As climate change makes Manitoba winters increasingly unpredictable, leaders in remote First Nations are crossing their fingers, hoping for a long-lasting winter road season so residents can travel and essential goods can be transported via truck.
"Every year, you worry: ‘If they’re not done this year, then what?’" said John Clarke, chief of Barren Lands First Nation. "It is our lifeline. If there was no winter road, then we’d have to fly everything in and we could never afford that."
Clarke, 48, said the community used to be able to rely on some roads opening in mid-December and remaining accessible for three months. The network has yet to freeze for the season; he expects it’ll be between early to mid-January, the new normal in recent years.
Melting glaciers and rising sea levels have become sure signs of the real impact climate change has on the planet — but a group of researchers recently put a microscope on the way warmer weather affects fresh-water ice on lakes and rivers in the northern hemisphere.
A new scientific report published in Limnology and Oceanography earlier this autumn notes lakes and rivers in the world’s cooler climates are freezing later and thawing earlier. The report found that over time, warmer temperatures have caused delays to winter ice road opening dates and led to cancellations of cultural events that rely on frozen conditions.
"I’ve been interested in changing ice as a way to understand changing climate but I didn't think about how many millions of people rely on ice every winter... for transportation, recreation, food. It’s really part of our daily winter lives," said Sapna Sharma, an associate professor of biology at York University in Toronto who co-authored the report.
Frozen ice plays an especially important role in remote communities such as Barren Lands, which rely on frozen lakes, rivers and creeks to make up their winter transportation networks — an alternative to pricey air travel.
Sharma and her colleagues looked at the St. James Bay network in northern Ontario. Comparing opening dates and winter air temperatures, the researchers concluded the ice road season can be cut by as much as three weeks during warmer winters.
"Northern communities, for example in Ontario and Manitoba, require these ice roads. A three-week shorter season means less access to resources — food, supplies — but also, it decreases social network and that can have a huge impact on mental health," Sharma said.
The winter road network in Manitoba allows for trucking access to remote First Nations, as well as inter-community travel. It serves 23 communities, located across northern and eastern Manitoba.
Four of the communities are still reliant on the roads for the diesel loads that feed electricity-providing generators.
The roads are open during a brief period of about eight weeks from mid-January to mid-March, although weather conditions can shorten or extend the season by as much as two weeks, the province says.
"There have been anomalies over the past 10 years; however, records indicate no significant shift toward shortening of the winter road season based on weather," a provincial spokesperson said in a statement.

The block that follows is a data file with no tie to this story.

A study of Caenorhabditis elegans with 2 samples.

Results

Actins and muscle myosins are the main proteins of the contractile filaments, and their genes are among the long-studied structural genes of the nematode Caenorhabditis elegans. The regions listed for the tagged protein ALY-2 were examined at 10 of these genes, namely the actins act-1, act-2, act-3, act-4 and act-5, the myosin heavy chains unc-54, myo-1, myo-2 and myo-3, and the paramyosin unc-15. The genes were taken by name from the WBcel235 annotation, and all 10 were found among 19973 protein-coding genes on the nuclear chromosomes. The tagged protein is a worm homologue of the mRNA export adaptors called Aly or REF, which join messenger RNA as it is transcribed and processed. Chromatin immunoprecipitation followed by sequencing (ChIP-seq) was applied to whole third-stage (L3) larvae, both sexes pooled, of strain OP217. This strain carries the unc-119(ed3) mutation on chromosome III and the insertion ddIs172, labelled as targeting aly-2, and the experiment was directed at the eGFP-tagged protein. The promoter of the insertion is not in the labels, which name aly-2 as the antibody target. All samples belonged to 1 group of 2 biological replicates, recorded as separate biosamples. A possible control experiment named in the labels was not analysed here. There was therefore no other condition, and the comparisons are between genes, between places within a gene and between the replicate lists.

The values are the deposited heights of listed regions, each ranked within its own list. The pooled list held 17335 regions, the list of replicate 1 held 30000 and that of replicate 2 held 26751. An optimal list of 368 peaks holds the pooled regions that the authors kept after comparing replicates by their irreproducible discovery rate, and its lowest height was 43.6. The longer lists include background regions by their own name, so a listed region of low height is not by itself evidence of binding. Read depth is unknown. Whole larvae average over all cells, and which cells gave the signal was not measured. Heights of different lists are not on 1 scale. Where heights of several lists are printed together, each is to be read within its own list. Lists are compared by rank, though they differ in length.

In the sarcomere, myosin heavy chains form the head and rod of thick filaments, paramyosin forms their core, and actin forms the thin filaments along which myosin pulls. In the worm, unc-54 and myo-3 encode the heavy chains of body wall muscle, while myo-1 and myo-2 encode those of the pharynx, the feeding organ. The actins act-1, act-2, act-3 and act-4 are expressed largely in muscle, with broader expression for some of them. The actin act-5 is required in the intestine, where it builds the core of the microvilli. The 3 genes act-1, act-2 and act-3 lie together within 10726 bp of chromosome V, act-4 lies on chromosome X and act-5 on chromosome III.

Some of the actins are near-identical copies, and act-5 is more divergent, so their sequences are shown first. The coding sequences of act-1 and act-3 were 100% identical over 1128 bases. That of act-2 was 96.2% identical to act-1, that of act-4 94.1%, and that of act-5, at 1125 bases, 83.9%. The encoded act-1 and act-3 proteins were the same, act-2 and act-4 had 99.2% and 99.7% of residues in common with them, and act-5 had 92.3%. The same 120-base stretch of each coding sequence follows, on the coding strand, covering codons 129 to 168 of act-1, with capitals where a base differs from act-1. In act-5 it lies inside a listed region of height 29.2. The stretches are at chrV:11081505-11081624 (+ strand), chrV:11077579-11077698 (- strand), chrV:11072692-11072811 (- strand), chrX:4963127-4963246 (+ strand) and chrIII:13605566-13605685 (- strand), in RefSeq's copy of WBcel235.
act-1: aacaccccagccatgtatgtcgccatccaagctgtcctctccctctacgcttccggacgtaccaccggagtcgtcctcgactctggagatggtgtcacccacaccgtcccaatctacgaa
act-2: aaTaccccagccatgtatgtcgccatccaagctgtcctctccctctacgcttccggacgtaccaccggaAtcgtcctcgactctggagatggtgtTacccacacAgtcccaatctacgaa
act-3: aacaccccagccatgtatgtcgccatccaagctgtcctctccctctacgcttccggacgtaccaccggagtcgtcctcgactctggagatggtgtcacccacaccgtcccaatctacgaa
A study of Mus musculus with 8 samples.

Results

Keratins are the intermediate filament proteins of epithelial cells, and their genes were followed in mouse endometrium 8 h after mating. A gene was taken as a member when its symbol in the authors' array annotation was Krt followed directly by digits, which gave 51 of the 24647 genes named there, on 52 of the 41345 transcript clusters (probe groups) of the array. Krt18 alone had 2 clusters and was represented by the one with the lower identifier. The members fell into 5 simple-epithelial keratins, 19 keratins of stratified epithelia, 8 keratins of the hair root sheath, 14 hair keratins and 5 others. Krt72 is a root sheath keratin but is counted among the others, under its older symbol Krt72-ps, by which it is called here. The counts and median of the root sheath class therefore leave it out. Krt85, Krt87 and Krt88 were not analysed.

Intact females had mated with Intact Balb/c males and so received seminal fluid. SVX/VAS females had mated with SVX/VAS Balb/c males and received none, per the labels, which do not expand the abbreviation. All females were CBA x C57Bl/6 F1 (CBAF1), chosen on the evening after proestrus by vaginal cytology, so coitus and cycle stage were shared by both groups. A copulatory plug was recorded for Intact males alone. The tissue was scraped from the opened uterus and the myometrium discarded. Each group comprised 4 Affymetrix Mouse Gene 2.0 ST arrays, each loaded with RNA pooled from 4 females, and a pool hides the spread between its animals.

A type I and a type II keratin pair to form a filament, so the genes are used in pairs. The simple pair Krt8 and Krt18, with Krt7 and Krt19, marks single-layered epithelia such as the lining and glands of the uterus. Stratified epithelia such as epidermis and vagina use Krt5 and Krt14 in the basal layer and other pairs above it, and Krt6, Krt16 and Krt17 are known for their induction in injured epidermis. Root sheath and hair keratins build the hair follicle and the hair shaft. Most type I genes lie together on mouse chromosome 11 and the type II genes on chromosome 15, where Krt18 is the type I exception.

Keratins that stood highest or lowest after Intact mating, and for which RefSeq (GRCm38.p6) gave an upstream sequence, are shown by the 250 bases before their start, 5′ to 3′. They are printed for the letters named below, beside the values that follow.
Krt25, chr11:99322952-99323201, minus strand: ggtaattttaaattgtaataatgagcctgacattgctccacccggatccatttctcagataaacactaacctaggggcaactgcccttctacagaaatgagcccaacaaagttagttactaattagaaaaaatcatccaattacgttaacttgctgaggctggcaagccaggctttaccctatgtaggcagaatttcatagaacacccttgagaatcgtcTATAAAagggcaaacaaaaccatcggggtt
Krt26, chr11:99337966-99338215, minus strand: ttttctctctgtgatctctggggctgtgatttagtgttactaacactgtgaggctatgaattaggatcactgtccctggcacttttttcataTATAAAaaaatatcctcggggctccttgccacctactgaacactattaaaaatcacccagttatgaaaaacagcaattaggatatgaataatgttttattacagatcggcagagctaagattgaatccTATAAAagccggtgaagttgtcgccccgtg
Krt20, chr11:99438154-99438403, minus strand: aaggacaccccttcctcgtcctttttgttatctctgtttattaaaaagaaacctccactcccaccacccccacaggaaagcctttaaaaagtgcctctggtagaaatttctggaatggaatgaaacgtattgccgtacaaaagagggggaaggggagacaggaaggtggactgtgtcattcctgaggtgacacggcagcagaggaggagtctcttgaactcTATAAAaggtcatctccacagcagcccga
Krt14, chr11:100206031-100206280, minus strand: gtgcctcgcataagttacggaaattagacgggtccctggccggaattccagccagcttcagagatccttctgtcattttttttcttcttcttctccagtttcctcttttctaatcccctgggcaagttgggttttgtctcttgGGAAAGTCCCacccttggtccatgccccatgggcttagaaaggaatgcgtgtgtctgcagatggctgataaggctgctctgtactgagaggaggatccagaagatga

The spokesperson said that Manitoba has realigned approximately 400 kilometres of winter road from lakes and rivers to overland areas in order to create a safer and more reliable network.
The average winter road season is 60 days, the statement said.
But members of northern First Nations are skeptical of that claim.
"The seasons are getting a lot shorter now. We’re lucky we can get about a month-and-a-half of winter roads now. It’s all depending on temperatures and everything. The weather’s been crazy," Clarke said, adding he has brought his concerns to both the federal and provincial governments.
"It provided some freedom, that’s how I felt — like I’m connected to the world, to the highways," said Clyde Flett, a member of St. Theresa Point First Nation who moved to Winnipeg from the remote community located 610 kilometres north of the Manitoba capital 10 years ago.
Flett said the roads allowed him to visit neighbouring communities to attend hockey tournaments.
He said he worries about being able to drive along winter roads, his preferred form of transportation — a one-way plane ticket can cost about $360 — to visit family and friends back home in the future because of the changing climate.
For years, Barry Prentice, a member of the University of Manitoba’s Transport Institute, has been touting cargo airships as a carbon-neutral option, which is powered by hydrogen, to transport items to First Nations in northern Manitoba during the wintertime.
Prentice built a prototype, but in 2016 a storm destroyed his one-of-a-kind research hangar. Now, his team is rebuilding. They are currently working on gas cells that fill airship structures so they can fly.
Investment into the industry is required for serious takeoff, he said.
“The government has to take the leadership on this because they’re the ones who control the sky. They can’t just be AWOL and expect things are going to fix themselves,” Prentice said, adding he's among those concerned about how climate change will affect future winter road seasons.
Prentice believes airships will be flown as cargo vehicles in other parts of the world within a couple of years.
In a statement, a provincial spokesperson said the government “remains open” to learning about new transport technologies to make northern supply chains more efficient.
The spokesperson added the government would be pleased to discuss the option further “on the basis of there being robust, near-market-ready business and feasibility plans, with proof-of-concept demonstrations established.”